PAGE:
Thursday, February 25, 2010

100 million

I landmark figure has been reached just before we start the new breeding season of survey work. At Thetford sometimes up to 200,000 birding records can be received a week however, today, one record was awaited with interest - the 100 millioneth record submitted to the electronic database. The record - a Coal Tit submitted from an observation in South Wales.
Image from bbc.co.uk

Wednesday, February 24, 2010

A sniff too far...

Remember my previous post about 'Doesn't smell right' where researchers were suggesting that birds migrated by sense of smell (Jan 29th) - and I thought it was a load of nonsense. Well, now comes a publication that potentially explains their results. In "PLoS ONE" German researchers publish data on the finding of a 'magnetometer' in the upper beak of (many) birds which could potential act to measure the vector of the earth's magnetic field (by intensity and inclination), whereby a bird can map its' exact position anywhere on the globe. Using some fancy non-destructive science they have been able to show that the upper beak contains a network of iron containing nerve branches which, they say, will be able to encode the earths magnetic field. Viola, bird migration explained!?
So, back to the nasal wash-outs - the wash-out may (also) affect a birds sense of smell but, more importantly, it probably primarily affects functioning of this 'magnetometer' - which is then responsible for a change in migration pattern.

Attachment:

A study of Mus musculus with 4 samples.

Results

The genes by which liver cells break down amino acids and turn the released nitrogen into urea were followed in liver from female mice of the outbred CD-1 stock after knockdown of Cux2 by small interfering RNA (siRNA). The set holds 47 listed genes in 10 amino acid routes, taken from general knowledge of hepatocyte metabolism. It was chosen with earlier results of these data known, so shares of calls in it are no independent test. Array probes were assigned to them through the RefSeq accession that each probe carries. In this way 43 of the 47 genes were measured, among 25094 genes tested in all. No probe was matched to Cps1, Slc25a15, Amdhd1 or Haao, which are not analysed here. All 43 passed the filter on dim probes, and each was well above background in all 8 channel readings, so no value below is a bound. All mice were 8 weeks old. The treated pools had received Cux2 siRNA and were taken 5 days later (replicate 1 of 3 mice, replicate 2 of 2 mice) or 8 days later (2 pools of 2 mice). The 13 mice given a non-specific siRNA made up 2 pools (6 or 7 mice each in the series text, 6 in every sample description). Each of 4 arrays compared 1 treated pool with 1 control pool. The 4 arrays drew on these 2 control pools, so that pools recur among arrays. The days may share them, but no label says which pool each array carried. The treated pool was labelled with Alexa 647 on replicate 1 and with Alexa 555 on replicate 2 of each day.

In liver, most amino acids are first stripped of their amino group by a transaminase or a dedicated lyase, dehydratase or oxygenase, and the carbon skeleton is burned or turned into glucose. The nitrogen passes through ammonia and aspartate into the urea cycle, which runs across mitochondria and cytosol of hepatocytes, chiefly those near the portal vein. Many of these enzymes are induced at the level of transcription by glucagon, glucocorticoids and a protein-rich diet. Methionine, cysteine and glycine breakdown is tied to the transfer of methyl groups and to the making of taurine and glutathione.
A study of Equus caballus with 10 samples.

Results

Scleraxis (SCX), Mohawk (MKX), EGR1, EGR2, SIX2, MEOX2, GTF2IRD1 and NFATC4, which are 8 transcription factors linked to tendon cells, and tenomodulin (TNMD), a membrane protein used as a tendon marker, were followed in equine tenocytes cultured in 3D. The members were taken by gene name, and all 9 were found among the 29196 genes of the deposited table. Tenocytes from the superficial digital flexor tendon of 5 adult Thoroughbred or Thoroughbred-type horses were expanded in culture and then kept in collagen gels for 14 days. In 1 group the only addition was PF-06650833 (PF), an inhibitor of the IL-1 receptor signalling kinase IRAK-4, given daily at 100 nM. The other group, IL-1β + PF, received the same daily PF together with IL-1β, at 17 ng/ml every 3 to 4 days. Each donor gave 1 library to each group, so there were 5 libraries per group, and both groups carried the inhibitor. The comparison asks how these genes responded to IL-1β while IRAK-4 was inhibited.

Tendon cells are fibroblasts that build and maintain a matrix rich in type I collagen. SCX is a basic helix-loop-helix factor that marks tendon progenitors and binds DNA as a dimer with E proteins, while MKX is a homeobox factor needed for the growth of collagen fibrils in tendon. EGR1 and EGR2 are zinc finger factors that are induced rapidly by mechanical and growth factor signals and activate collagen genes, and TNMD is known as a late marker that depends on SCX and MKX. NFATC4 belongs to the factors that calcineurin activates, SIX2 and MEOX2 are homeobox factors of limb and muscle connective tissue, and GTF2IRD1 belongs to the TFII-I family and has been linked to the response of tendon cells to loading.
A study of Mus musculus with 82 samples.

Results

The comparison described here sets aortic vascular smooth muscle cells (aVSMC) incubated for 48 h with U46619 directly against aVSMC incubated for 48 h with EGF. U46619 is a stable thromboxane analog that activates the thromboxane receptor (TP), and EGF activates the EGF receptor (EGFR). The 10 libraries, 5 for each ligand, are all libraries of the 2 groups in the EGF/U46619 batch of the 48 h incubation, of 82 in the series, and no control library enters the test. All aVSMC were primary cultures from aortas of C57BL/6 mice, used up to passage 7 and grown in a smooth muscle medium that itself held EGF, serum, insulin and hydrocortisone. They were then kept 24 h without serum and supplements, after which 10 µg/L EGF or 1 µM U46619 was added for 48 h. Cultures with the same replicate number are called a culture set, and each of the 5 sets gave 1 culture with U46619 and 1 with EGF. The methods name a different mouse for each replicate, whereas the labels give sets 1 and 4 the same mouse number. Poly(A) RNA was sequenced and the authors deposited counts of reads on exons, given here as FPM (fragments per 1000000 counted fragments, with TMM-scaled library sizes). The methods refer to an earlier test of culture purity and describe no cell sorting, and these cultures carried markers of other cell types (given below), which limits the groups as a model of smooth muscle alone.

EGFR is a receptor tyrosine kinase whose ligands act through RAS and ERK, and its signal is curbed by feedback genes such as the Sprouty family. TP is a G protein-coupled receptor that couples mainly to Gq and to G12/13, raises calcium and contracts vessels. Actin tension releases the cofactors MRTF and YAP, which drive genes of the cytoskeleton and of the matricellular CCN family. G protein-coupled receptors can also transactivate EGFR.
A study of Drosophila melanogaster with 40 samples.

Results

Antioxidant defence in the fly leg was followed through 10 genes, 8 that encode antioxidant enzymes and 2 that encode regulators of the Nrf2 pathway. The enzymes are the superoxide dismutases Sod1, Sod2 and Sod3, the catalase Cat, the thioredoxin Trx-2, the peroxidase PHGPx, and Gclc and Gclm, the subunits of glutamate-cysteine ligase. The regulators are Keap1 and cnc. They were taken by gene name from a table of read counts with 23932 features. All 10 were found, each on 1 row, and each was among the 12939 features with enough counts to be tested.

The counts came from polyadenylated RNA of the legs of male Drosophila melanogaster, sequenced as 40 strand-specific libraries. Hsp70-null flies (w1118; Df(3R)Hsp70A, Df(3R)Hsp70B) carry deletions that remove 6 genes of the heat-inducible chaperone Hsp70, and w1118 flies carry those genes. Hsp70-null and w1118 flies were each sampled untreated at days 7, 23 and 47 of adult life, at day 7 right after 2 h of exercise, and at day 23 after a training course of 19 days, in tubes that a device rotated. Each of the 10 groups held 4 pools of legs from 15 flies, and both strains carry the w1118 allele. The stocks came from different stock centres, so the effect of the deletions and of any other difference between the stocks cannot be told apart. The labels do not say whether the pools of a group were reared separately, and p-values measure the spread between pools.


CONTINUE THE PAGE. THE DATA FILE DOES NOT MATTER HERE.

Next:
See: Falkenberg G, Fleissner Ge, Schuchardt K, Kuehbacher M, Thalau P, et al. (2010) Avian Magnetoreception: Elaborate Iron Mineral Containing Dendrites in the Upper Beak Seem to Be a Common Feature of Birds. PLoS ONE 5(2): e9231. doi:10.1371/journal.pone.0009231 (plosone@plos.org)

Tuesday, February 23, 2010

Breeding Bird Survey

Even though the Bird Atlas is on-going the Breeding Bird Survey - the BTO's main survey - still needs to be undertaken. Within the region there are a handful of volunteers who make my job extremely easier by undertaking this survey without cajole or duress every year - I thank you. This year several of these individuals have 'retired' being physically unable to undertake or commit to a full set of required visits - thus more than the usual number of BBS squares are available. The list is attached. If anyone wishes to undertake the BBS survey in any of these plots please do contact me (before anyone else grabs them).